OPINION | For marginalized communities, new year brings little positivity

Apoorva Verghese, Intersections Editor

new year marginalized communities
Emma Vaughters

The beginning of a new year has always been more than the transition to a new calendar year. A new year is a symbol of changing times, an opportunity to reflect on our past. Especially considering the challenges that 2020 posed to so many people, midnight on Jan. 1, 2021, carried a lot of weight and a lot of hope. 

For many, entering the new year was a welcome event. Of course, no one expected all our problems to end when the clock struck midnight, but symbolically, 2021 represented change. Americans rang in the new year anticipating the start of a new, promising administration accompanied by the news of approved COVID-19 vaccines that could soon be widely available. I viewed the new year through rose-tinted glasses, believing that marginally, things had to get better. At the very least, they couldn’t get worse. 

Then, a mere six days into 2021, our country witnessed a historic attack on democracy, as white nationalists stormed the Capitol building, a line that hasn’t been crossed since the war of 1812.  

Despite the fact that I am lucky enough to be economically and socially privileged in many ways, it’s impossible to move past the fear that has been brewing in me. Since that first week of January, I’ve been existing in a perpetual state of terror. I highly doubt that I’m alone, either. In the days following the storming, white supremacists have sworn to continue causing unrest, especially ahead of President Joe Biden’s inauguration. Chances are, the events of Jan. 6 were just the start of a long string of extremist attacks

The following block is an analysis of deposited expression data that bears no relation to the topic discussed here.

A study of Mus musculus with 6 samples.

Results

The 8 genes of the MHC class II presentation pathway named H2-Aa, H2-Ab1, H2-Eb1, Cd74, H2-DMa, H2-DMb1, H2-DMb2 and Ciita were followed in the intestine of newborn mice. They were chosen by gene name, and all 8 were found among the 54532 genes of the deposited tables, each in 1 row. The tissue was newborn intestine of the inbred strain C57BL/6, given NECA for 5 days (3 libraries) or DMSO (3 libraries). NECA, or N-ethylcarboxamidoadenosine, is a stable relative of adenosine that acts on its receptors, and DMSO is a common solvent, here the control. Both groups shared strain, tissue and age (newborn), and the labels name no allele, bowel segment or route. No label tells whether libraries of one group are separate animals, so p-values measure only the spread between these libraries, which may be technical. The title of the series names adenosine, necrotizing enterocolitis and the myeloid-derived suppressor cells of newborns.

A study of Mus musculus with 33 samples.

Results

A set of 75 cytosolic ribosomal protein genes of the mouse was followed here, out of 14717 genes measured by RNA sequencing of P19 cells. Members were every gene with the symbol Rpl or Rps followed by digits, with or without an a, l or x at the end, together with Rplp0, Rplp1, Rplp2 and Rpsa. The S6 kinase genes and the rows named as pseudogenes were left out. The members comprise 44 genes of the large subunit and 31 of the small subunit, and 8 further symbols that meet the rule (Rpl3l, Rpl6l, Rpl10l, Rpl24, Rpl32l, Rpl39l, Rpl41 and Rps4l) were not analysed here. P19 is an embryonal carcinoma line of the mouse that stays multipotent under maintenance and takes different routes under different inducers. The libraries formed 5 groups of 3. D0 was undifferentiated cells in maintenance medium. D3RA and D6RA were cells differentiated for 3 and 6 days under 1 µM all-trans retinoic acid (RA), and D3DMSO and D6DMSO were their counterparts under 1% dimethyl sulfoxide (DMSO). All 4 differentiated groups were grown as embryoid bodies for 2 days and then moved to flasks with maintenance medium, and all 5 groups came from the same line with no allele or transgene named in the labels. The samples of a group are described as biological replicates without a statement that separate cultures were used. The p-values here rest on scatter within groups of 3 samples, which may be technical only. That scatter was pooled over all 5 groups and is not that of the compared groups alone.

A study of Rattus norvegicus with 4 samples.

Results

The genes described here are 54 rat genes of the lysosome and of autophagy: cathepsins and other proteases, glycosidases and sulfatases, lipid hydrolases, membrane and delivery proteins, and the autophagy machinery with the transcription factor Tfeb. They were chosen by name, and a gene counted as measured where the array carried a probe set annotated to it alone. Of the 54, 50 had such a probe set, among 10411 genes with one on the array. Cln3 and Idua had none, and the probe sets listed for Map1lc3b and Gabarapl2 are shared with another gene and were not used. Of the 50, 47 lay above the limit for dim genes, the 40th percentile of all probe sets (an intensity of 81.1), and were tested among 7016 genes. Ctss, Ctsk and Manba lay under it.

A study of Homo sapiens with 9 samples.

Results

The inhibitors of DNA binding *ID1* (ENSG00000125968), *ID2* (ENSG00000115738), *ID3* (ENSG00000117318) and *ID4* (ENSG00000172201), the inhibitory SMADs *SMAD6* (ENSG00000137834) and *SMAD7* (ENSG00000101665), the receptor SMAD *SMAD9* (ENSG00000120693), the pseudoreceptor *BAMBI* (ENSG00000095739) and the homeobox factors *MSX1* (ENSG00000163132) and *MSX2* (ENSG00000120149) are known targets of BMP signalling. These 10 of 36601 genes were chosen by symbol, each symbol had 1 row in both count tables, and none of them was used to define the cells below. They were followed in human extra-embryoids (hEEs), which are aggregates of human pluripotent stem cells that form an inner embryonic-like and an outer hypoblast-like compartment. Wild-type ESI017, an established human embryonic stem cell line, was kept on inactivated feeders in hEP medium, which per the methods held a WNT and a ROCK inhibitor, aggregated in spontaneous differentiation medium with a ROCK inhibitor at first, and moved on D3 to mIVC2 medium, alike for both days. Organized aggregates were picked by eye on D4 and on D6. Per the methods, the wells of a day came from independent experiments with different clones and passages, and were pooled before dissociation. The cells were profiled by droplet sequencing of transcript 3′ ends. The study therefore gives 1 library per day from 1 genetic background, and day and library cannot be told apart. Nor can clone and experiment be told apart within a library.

I often find myself wondering whether there is cause to be as concerned as I am right now. Realistically, precedent tells us that the presidential inauguration will pass, a peaceful transition of power will take place and though dissent will still exist, there’s no need to live in a constant state of fear. Precedent, however, means nothing in a year like this. 

Of course, while the actions of white supremacists were historic, the riots at the Capitol weren’t indicative of any newly risen sentiment, either. If anything, it proves what marginalized groups have been trying to say for so long. It proves that white supremacy continues to be a powerful force in this country. 

For me, the start of 2021 didn’t signify any change at all. Rather, it only reinforced how little the world has changed. It highlighted how pervasive white supremacy is in our society and how much fighting we have left to do. 

In my opinion, however, the most unfortunate part of this year is that the very best we can hope for is a return to normalcy. Unfortunately, for marginalized individuals, a return to normalcy in our country simply means a return to the casual oppression of everyday politics. As an immigrant and a woman of color, a return to normalcy for me means that I can once again travel internationally, granted I stand frozen with fear in front of immigration agents. It means I can finally go on long road trips again, granted I don’t dare to stop in any sundown cities. A return to normalcy in the U.S. means returning to fight the seemingly indestructible systems of oppression that have existed for centuries. Only we wouldn’t have to wear our masks anymore. 

Simply put, I’ve found no way to put a positive spin on this year. Either we find ourselves falling deeper into pitfalls of extremism or we return our society to its former, terrifyingly flawed state. 

It’s difficult to talk about what this year holds for marginalized communities when it’s already off to a rough start with few optimistic prospects. Trying to stay positive during times like these is an exhausting and seemingly vain mission. It is somewhat helpful, however, to recall words that remind us why we’re fighting. This past Monday on Martin Luther King Jr. day, I saw many people remembering this particular quote of his: “The arc of the moral universe is long, but it bends toward justice.” Well, here’s to hoping that arc bends a little faster.